Welcome to Calico Field Spaniels - Celebrating 35 years improving the breed - 1984 - 2019

Temperament of a FS

What Is It To Live With A Field Spaniel?

The Field Spaniel is highly intelligent and learns quickly. However, Field Spaniels can be reserved, particularly on first meetings and may be somewhat aloof, though never indifferent, upon first meetings. This does not apply, of course, to all Field Spaniels—some are irrepressible and greet all new people as long lost friends! Early socialization is a “must do” for Field Spaniels, particularly from 8 to 16 weeks, when a puppy is first learning all about the world. That being said, the Field Spaniel showing a natural reserve should, at the same time, never show signs of shyness.  A natural reserve means that the dog simply prefers to size up the situation before offering friendship; it absolutely does not mean that the dog shrinks away, shows teeth, or other such behaviors.


        Both males and females exhibit similar personality traits, though owners have been heard to remark that the males are more likely to be cuddly or snugly with their owners. The females are noted to be slightly more independent. In general, the breed craves human companionship and have a true desire to be part of every facet of their human pack's lives. The breed is generally stable, predictable and tractable in nature; it is also medium to high energy and can be quite animated and humorous. Field Spaniels are bred for activity and endurance. They are often described by fanciers as "busy", typically on the go, playful and interested in all events surrounding them.


        Field Spaniels get along well with children and other animals in the household, particularly if they are raised to do so. When bringing a new puppy into the household where there is an older dog, supervision and time spent to properly introduce the new puppy is mandatory. When it comes to children in the household, adult supervision of any dog/child interactions is required when the child is younger than approximately 8 years of age. Children move fast and this movement can be alternately frightening for a puppy or may evoke the “prey drive” of a puppy. Neither the puppy or the child intends to hurt the other, but neither may know how to “work and play nicely with the other” and must be taught to do so.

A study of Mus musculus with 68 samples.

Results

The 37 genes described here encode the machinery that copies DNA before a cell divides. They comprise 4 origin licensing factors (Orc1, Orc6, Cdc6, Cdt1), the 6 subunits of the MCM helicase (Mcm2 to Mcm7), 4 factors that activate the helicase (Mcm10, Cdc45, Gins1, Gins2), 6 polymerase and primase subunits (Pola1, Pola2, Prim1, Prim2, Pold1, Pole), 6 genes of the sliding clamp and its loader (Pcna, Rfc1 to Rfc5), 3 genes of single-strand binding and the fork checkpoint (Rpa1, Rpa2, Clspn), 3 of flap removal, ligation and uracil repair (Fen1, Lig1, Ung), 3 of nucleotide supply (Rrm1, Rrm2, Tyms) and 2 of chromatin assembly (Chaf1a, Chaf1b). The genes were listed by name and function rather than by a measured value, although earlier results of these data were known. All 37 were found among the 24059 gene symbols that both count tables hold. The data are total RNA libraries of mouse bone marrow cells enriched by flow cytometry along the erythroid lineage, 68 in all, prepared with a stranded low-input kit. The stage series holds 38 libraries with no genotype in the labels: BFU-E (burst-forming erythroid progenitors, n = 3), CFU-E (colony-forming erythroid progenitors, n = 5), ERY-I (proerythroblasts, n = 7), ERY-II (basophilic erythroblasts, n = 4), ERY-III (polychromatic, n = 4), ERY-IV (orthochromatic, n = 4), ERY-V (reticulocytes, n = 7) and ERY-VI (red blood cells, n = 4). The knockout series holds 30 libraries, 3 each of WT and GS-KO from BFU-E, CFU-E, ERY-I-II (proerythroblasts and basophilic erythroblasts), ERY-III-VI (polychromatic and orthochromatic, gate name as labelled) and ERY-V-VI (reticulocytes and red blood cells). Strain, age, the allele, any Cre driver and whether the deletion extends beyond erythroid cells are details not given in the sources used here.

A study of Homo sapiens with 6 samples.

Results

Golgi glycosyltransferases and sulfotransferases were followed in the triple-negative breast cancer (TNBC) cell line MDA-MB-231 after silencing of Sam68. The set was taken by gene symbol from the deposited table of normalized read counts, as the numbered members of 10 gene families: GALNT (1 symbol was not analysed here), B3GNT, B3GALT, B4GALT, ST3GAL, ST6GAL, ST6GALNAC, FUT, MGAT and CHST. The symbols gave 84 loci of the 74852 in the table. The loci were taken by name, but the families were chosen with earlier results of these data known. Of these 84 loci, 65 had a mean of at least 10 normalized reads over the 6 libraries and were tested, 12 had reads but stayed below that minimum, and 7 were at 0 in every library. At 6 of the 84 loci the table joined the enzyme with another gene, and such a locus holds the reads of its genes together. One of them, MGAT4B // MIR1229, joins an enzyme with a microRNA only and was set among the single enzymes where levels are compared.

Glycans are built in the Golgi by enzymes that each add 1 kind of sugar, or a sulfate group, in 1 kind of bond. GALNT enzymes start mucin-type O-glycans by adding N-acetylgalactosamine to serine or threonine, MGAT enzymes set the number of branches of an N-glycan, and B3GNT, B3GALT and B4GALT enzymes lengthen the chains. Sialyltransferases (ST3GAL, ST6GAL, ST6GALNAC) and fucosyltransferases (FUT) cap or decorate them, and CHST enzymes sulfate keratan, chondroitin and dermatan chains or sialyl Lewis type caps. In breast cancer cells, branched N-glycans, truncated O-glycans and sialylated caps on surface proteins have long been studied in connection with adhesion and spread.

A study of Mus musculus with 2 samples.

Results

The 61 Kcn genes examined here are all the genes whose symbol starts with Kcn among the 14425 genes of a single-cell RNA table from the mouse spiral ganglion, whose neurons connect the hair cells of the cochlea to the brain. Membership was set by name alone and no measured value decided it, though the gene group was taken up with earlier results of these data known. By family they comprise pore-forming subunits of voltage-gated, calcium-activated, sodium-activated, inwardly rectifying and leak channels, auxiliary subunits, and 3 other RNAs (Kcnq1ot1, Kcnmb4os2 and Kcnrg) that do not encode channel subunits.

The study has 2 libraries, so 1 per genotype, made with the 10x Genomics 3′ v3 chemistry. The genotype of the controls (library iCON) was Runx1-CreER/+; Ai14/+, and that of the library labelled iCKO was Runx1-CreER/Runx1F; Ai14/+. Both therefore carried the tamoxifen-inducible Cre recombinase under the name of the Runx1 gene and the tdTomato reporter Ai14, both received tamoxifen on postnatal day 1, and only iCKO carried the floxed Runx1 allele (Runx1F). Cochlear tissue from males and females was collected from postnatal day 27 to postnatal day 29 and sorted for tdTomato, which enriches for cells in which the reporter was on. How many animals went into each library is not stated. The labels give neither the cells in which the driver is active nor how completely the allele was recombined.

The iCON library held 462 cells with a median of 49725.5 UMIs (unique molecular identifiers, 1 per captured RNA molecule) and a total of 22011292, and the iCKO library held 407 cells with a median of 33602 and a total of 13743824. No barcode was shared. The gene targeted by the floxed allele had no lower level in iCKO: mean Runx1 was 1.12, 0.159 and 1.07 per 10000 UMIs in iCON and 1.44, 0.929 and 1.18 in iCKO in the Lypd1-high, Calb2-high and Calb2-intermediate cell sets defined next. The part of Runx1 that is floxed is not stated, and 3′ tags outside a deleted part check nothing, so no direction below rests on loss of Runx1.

Field Spaniels are also quite determined in that they will perservere to reach a goal, whether that goal is finding a bird in the field or a tennis ball in the house. This is not to be confused with stubbornness and hard-headedness. The Field Spaniel is relatively soft in that behavioral training does not require harshness; in fact, often verbal corrections are sufficient.


        While a Field Spaniel will adapt to a kennel environment for occasional needs related to vacations and the like, maintaining the Field Spaniel as a kennel dog is not recommended. The isolation of raising the Field Spaniel in a kennel environment will often irreparably harm the animal's personality as it keeps him away from the people he so earnestly yearns to be with. Field Spaniels raised in kennel environments tend to a shyness that is difficult to overcome.